Oil prices could soon skyrocket to more than $100 a barrel amid escalating tensions in the Middle East, one oil analyst told CNBC Friday.

Crude futures surged to highs not seen since December 2014 earlier in the week, underpinned by greater geopolitical uncertainty in Syria and elevated concerns over the prospect of imminent military action by Western powers.

"I don't think its unfeasible to see triple-digit oil prices at some point this year if things really kick off in the Middle East," Anish Kapadia, founder and managing director of Akap Energy, told CNBC's "Street Signs" on Friday.

He added market participants had been "laughed out the room" when they projected crude futures to reach either $60 or $70 a barrel six months ago. But heightened tensions in the Middle East had since brought about the prospect of oil prices soaring to more than $100 a barrel later this year, he added.

Geopolitical premium 'alive and well'

Both benchmarks were on track to post their biggest weekly gain in more than eight months on Friday, shortly after President Donald Trump's comments about potential missile strikes and reports of dwindling global oil stocks.

Brent crude was trading at $72.26 during lunchtime deals on Friday, up around 0.3 percent, while WTI traded at $67.35, approximately 0.4 percent higher. Both benchmarks have gained about $5 since the start of the week.

An uptick in oil prices followed incendiary comments from Trump on Wednesday. The U.S. president tweeted missiles "will be coming," in response to a suspected chemical attack in Syria over the weekend. He has since sought to dial back such explosive rhetoric, raising the prospect that an attack on Syria may not be as imminent as it first appeared.

Nonetheless, world leaders continued to mull over military action in the war-torn country on Friday.

"Trump's will-he-or-won't-he antics are here to stay and will, therefore, ensure that the geopolitical risk premium remains alive and well," Stephen Brennock, oil analyst at PVM Oil Associates, said in a research note Friday.

He added oil prices were likely to continue to extend their recent gains in the near term.

However, the International Energy Agency (IEA) said Friday it "remained to be seen" whether recently elevated oil prices could be sustained.

In the Paris-based organization's latest monthly report, the group left its forecast for oil demand unchanged at 99.3 million barrels per day (bpd) in 2018. The IEA's outlook for supply also remained the same, as it projected non-OPEC growth to reach 1.8 million bpd this year.

Why the oil era might not be over yet


Economists like to say the best cure for high prices is, high prices. In the case of oil in recent years, the saying often rings true.

Years of elevated oil prices leading up to 2014, when Brent crude futures traded above $100 a barrel, helped drive efficiency in the industry and other energy sectors, but ultimately led to a supply glut and lower prices.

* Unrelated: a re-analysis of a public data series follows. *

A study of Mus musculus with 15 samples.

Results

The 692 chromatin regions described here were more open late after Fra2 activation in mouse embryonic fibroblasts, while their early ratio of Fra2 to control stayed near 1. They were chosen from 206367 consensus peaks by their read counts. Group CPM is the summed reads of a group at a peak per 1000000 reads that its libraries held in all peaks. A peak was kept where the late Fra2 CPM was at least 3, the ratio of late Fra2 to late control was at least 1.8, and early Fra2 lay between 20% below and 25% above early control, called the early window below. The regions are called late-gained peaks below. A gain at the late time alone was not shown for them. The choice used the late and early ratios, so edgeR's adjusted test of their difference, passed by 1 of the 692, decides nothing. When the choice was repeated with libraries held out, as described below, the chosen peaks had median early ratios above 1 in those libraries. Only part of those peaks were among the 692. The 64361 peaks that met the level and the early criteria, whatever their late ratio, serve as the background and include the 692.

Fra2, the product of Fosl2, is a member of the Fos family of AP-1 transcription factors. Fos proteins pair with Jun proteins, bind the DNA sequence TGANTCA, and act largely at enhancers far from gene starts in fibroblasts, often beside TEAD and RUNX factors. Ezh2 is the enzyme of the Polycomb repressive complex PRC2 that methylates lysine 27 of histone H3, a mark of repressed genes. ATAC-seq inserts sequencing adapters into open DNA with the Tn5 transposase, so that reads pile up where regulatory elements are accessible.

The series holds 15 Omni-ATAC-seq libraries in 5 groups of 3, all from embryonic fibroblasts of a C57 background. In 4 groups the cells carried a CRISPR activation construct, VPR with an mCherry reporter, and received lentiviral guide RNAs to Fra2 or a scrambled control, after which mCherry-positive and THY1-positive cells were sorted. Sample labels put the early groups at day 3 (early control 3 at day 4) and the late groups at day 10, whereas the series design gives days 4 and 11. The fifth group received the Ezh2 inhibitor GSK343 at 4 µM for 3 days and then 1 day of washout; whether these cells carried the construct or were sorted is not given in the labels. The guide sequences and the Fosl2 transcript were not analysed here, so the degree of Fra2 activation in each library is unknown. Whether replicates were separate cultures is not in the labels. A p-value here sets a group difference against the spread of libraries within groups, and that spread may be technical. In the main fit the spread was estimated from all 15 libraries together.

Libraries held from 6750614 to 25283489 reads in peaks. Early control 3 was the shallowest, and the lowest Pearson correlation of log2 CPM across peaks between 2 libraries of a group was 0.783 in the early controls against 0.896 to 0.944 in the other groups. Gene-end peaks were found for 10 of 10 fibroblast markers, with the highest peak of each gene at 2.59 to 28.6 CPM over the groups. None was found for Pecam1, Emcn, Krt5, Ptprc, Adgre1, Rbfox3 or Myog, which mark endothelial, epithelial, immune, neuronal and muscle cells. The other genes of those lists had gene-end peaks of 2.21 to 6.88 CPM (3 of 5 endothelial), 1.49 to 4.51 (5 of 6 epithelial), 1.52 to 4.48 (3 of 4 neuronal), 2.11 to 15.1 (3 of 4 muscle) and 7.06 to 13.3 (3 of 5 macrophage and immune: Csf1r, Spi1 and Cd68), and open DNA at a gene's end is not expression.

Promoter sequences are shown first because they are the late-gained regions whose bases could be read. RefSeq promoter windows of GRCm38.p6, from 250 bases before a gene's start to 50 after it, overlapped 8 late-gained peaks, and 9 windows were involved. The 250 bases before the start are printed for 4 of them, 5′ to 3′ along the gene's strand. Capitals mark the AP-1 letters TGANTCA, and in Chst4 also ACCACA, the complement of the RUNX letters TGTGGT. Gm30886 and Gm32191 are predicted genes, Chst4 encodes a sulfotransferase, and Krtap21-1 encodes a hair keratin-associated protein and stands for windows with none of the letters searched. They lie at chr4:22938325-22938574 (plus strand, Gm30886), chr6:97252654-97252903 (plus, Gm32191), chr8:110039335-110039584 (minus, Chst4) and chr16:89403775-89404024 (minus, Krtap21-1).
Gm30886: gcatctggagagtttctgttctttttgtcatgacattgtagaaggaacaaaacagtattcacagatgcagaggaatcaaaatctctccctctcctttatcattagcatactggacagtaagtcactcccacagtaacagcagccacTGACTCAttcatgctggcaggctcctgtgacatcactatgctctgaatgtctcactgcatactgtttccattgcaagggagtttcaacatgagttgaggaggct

"That era of high-price oil that we had drove innovations all over the place especially in terms of shale but it also enabled oil operators to make much bigger risks," said John Kilduff, founding partner of Again Capital.

Now, oil prices are rising again amid rising geopolitical tensions in the Middle East. The recent spike and volatility in prices could serve as a reminder of the benefits of cheaper alternative energy sources. But even as investment in renewables expands, many experts agree the oil era still has room to run.

"I think oil's got another four or five decades before we see anything," said John Eichberger, executive director of the Fuels Institute, a nonprofit. "Change is coming, but it's going to take time."

The International Energy Agency (IEA) expects oil demand to continue to grow until 2040, fueled by emerging markets like India and industries like trucking, petrochemicals, aviation and shipping. But the IEA says renewables and natural gas are capturing an increasing share of global energy demand.

One reason? China. The world's largest polluter is now leading the way in the push for clean power.

"You have to watch China because the question is how much will they leapfrog," said Tom Kloza, global head of energy analysis at OPIS, a company that provides oil price information.

The IEA expects one out of every four vehicles on the road in China will be electric by 2040. It projects the global electric car fleet will reach 280 million by that time, up from just around 2 million today. A big shift toward electric vehicles could have major implications for oil, which fuels more than half of the world's transportation.

"Electric vehicles will compete and probably beat internal combustion on a cost basis pretty soon, which will give consumers a choice," Eichberger said.

But he warned that even as electric vehicle sales increase, it will take decades to build the infrastructure for them to overtake gasoline cars. Analysts point to concerns over battery storage and costs. Unless oil prices continue to stay elevated, consumers might not yet be tempted to make the switch.

"You get so much bang for your buck with gasoline," OPIS' Kloza said.